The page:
Council to weigh new bus rate plan
By Treena Shapiro
Advertiser Staff Writer
A new bus fare plan has been introduced at the City Council that is friendlier to senior citizens and others on a fixed income than a proposal submitted earlier in the week, some council members say.
"We felt that some of the pass increases were really too high and we just can't have people who really need the service but can't afford it," said Councilman Donovan Dela Cruz.
He and Councilwoman Barbara Marshall introduced the new draft of Bill 53 after raising objections to portions of another proposal to cover the bus system's $6.8 million shortfall. They said they believe their plan would generate $6.8 million a year, but Mayor Jeremy Harris yesterday said it would only add $1.8 million annually.
The new draft and the proposal submitted earlier this week will be discussed on Monday at 9 a.m. during a joint Budget and Transportation committee meeting.
An additional $6.8 million a year would allow the bus company to scuttle a plan to cut 100,000 service hours a year. The Hawai'i Teamsters and Allied Workers Local 996, representing more than 1,300 striking bus drivers, objected to the service cuts, saying it could lead to layoffs of up to 40 union employees.
The draft introduced earlier in the week by Council Chairman Gary Okino changed the senior and disability passes from $25 for two years to $60 for one year and increased the youth monthly pass from $13.50 to $18.50.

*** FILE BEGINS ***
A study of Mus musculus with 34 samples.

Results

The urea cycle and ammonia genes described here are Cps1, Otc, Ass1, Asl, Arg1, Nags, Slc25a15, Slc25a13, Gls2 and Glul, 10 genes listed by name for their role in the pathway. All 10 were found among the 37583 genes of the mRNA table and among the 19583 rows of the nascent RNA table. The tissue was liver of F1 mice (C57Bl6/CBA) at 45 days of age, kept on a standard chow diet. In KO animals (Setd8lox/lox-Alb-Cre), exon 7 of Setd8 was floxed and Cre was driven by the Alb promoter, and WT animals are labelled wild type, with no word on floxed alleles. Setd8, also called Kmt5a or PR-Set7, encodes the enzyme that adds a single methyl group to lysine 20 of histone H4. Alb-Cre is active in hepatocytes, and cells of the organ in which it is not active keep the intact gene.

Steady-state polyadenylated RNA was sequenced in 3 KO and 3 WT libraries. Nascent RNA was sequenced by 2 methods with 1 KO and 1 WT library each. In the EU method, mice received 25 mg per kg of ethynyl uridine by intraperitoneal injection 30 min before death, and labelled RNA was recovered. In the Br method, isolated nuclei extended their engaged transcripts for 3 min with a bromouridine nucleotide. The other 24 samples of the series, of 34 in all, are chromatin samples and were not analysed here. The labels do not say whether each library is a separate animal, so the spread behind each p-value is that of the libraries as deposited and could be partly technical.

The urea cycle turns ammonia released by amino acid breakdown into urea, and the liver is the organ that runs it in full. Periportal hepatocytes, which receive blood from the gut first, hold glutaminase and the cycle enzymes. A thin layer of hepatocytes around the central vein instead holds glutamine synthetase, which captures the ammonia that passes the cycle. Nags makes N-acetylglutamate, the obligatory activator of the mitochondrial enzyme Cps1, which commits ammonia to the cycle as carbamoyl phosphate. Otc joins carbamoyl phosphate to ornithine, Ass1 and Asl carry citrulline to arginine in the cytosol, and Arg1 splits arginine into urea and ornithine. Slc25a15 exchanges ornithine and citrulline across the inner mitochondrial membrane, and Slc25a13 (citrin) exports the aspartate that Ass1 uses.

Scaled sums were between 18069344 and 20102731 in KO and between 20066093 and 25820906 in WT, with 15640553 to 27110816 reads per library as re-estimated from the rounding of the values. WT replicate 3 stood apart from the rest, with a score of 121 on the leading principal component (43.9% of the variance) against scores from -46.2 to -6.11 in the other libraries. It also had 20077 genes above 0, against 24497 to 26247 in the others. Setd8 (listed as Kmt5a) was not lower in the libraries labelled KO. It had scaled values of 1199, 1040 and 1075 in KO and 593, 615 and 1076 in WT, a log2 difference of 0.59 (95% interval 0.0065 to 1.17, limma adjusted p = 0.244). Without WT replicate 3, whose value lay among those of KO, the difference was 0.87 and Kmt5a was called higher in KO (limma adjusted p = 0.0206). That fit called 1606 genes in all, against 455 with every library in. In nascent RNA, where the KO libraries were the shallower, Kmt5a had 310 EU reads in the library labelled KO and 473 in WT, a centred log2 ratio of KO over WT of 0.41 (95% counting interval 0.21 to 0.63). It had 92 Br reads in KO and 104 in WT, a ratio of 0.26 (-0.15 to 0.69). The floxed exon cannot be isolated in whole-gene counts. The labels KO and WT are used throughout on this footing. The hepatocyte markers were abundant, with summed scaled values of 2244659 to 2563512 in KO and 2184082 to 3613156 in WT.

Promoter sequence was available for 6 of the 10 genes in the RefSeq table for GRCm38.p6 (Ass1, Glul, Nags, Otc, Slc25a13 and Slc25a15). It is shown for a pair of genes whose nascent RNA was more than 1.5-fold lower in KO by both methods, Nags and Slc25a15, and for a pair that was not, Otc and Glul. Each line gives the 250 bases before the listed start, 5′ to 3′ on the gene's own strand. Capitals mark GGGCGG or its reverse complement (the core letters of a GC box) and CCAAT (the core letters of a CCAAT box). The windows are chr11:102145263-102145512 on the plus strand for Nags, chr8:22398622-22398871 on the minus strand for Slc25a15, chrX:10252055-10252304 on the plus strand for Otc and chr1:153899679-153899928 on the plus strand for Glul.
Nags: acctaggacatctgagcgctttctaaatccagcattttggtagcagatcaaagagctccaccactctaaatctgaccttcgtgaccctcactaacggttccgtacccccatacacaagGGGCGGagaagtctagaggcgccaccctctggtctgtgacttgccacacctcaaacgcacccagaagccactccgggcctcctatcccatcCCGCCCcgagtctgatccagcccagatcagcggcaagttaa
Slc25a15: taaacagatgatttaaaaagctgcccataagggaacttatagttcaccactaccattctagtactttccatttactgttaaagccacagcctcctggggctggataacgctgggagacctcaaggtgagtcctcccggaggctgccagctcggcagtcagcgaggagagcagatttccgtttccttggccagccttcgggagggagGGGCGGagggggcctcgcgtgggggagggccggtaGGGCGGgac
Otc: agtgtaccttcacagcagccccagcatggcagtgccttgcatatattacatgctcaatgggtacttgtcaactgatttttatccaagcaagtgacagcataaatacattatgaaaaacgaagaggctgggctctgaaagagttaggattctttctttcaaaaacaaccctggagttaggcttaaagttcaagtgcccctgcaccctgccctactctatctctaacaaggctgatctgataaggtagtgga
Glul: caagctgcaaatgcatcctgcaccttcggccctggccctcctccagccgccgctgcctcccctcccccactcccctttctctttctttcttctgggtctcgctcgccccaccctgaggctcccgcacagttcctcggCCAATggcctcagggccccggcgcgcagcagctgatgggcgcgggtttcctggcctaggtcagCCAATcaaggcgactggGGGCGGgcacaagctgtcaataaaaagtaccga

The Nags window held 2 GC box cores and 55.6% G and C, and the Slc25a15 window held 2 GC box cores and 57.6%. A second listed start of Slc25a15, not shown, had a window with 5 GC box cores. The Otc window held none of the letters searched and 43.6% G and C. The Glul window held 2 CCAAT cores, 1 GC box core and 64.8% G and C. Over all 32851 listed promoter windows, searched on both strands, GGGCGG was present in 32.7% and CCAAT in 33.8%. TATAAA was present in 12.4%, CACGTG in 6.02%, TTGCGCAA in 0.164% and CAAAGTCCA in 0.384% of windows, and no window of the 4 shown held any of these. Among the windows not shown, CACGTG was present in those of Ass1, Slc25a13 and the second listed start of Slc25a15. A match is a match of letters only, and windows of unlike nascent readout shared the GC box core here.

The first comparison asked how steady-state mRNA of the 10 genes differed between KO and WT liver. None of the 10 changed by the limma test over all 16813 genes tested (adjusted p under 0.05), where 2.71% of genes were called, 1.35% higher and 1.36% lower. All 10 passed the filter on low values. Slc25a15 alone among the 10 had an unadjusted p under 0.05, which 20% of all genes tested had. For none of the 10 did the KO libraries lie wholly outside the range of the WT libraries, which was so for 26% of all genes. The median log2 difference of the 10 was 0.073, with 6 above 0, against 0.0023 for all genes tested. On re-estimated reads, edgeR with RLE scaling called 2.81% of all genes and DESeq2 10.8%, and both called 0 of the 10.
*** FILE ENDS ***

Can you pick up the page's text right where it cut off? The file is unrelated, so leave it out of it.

The Dela Cruz/Marshall plan would charge senior citizens and those with disabilities $25 a year for a pass. In addition, there would be no increase in adult and youth passes for riders who fall in the federal Housing and Urban Development "very low income" limits.
The price for an adult fare would rise to $2 from $1.75 under the Dela Cruz/Marshall plan, whereas it would be dropped to $1 under Okino's proposal. The Dela Cruz
/Marshall plan would also increase the youth pass to $20, rather than the $18.50 under Okino's plan.
"We tried to spread it across the board," Marshall said.
Harris said he would prefer the earlier plan, which reduces the single fare and increases passes.
"Number one, it brings in the appropriate amount of money to balance the budget. Number two, it corrects problems in our fare structure that have developed over the years," he said.
Harris said the earlier plan would bring fares more in line with what is going on across the country.
He also said the Dela Cruz/Marshall plan would fall $5 million short of balancing the budget.
Councilwoman Ann Kobayashi said the good part about the Dela Cruz/Marshall plan is that it lowers the bus pass for the seniors, but in doing so it must raise adult fare to $2 without transfers. Both drafts eliminate the transfer system for cash fares, although Dela Cruz said he would like to see "a fair-and-reasonable system for transfers."
Marshall said she expected that people who transferred frequently would purchase monthly passes, but Kobayashi said she has heard from people who only catch the bus a couple times a week.
People who live in valleys or on St. Louis Heights "have to catch a bus to get out of the valley, then they would have to pay another $2 to get into town," Kobayashi said.
Reach Treena Shapiro at email@example.com or 525-8070.